From professors to pensioners, thousands of people lured by promises of a 30 percent monthly return on their investments ploughed R73-million into a Hillcrest-based investment company which, it now seems, was a Ponzi scheme.

The Reserve Bank has in effect shut down Ingede Mineral Holdings (IMH), freezing its bank accounts and employing attorney Johan Kruger of Bowman Gilfillan as fund manager.

Kruger has hired forensic auditor Eckhard Volker of Thabani Zulu & Co to ascertain how much money was invested, by whom and what happened to it. The matter is also under police investigation.

The company, which had offices in Crooked Lane, Hillcrest, was run by 25-year-old Goodman Goqo until its forced closure at the end of February for contravening the Bank Acts.

The Mercury has been told that Goqo used agents who would "sell the scheme" to workers in companies such as Toyota and in government institutions, including hospitals, schools and prisons.

The company advertised its "guaranteed 30 percent monthly returns for life" on the intranet site of the Albert Luthuli Hospital - and, in one week, nurses from one ward alone invested R400 000.

In an affidavit submitted to the police by Volker, and which is in The Mercury's possession, Volker says about 3 100 people gave R73-million to IMH as "investment to trade" over nine months.

He said many had borrowed the money, sold their houses, used their pensions and were now "financially devastated".

Describing the profile of deposits into IMH's bank account as having "typical characteristics of a pyramid scheme", he said his preliminary investigations showed investor funds were pooled and used to finance interest payments, with "significant funds" withdrawn for personal use by Goqo.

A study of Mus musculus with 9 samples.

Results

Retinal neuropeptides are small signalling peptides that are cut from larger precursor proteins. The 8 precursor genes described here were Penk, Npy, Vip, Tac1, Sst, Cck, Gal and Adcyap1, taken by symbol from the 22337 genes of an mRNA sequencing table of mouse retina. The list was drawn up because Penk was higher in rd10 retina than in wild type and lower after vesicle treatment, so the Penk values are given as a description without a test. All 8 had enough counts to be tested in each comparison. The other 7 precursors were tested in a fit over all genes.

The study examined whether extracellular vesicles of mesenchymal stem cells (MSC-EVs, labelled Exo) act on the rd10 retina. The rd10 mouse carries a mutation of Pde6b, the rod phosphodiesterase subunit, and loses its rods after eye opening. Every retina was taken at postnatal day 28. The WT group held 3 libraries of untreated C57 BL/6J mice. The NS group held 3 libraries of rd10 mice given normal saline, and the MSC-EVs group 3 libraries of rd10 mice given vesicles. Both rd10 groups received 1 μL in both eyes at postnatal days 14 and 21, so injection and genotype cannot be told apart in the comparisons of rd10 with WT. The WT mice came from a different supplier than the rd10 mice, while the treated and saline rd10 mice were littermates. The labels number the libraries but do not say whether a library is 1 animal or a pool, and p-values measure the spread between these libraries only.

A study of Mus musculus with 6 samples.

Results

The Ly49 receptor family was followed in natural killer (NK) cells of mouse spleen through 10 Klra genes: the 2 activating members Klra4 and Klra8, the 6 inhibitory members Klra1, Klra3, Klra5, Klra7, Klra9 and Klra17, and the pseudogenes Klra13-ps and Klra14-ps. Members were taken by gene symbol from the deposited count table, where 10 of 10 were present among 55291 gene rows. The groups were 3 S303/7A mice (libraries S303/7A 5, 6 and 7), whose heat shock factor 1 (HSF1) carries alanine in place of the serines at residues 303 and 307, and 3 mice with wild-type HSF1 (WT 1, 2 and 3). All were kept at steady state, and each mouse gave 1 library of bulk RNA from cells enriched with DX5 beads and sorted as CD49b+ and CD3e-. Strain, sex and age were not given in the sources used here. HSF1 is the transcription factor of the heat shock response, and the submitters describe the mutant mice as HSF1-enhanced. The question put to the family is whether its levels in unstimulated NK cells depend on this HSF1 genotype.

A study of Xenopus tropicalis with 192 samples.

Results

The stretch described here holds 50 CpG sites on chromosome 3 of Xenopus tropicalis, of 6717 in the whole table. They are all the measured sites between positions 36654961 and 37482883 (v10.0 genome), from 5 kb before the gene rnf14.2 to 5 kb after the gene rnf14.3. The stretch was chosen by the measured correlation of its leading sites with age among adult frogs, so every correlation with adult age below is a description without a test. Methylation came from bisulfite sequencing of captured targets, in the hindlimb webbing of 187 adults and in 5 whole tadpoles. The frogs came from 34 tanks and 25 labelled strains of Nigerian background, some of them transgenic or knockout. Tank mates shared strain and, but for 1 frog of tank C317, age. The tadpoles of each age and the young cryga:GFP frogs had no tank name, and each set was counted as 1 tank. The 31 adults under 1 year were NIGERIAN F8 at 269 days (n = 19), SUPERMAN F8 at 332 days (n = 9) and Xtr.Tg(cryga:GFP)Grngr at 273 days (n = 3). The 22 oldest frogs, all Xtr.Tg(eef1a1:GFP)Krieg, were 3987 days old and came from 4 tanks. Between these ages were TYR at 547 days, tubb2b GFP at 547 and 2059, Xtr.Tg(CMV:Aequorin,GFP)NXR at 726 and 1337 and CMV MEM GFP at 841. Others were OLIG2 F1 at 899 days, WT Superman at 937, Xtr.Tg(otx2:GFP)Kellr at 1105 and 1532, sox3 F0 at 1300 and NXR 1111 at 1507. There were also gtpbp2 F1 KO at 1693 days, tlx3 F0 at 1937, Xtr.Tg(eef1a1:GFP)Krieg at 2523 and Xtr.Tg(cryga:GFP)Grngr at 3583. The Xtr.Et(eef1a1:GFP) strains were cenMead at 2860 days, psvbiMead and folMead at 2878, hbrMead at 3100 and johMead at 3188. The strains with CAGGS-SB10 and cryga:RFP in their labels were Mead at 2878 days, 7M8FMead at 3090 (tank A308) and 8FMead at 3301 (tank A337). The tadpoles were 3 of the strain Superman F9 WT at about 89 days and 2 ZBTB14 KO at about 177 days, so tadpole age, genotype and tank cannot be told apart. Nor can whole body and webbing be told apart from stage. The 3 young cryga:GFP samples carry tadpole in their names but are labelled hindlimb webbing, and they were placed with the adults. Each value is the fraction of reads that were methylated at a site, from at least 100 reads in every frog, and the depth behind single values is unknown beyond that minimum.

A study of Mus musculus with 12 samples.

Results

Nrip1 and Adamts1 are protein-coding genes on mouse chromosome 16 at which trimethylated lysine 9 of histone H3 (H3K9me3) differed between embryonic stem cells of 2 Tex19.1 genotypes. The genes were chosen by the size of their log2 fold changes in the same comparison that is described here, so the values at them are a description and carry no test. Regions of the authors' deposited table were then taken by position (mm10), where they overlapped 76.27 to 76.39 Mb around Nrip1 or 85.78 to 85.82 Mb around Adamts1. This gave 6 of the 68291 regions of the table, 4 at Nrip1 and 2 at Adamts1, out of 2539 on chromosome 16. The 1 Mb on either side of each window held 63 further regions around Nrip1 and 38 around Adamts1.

"Irregular" payments included almost R1m into Goqo's personal bank account, cash withdrawals of R2,7m, and R7,4m in payments of "special interest".

Goqo had also spent R5,1m on cars, including R1,4m for a second-hand Mercedes S65, which he bought on February 24.

The document notes that at the time the account was frozen there was R40m in it, meaning investors will get some money back.

Neither Kruger nor Volker would comment. However, an investor - who did not wish to be named - said all investors were being called to Volker's Westville office to submit proof of their investments.

He said not all were happy with the Reserve Bank's action against the company, and the rumour was that the scheme had been closed to protect the interests of the major banks.

Last month, Goqo unsuccessfully applied to the Durban High Court to have the appointment of Kruger as fund manager set aside.

His attorney, Suran Gounden, told The Mercury his client said he was running a legitimate business "and did not rob anyone".

IMH had not traded on the stock exchange because it did not have a trading account, but he had his own personal trading account and had done the trading himself.

"He denies running a pyramid scheme and says he paid out investors on a monthly basis."

Gounden said Goqo claimed to have bought the cars with his own money. His client also denied the Reserve Bank's charge that he was "acting as a bank".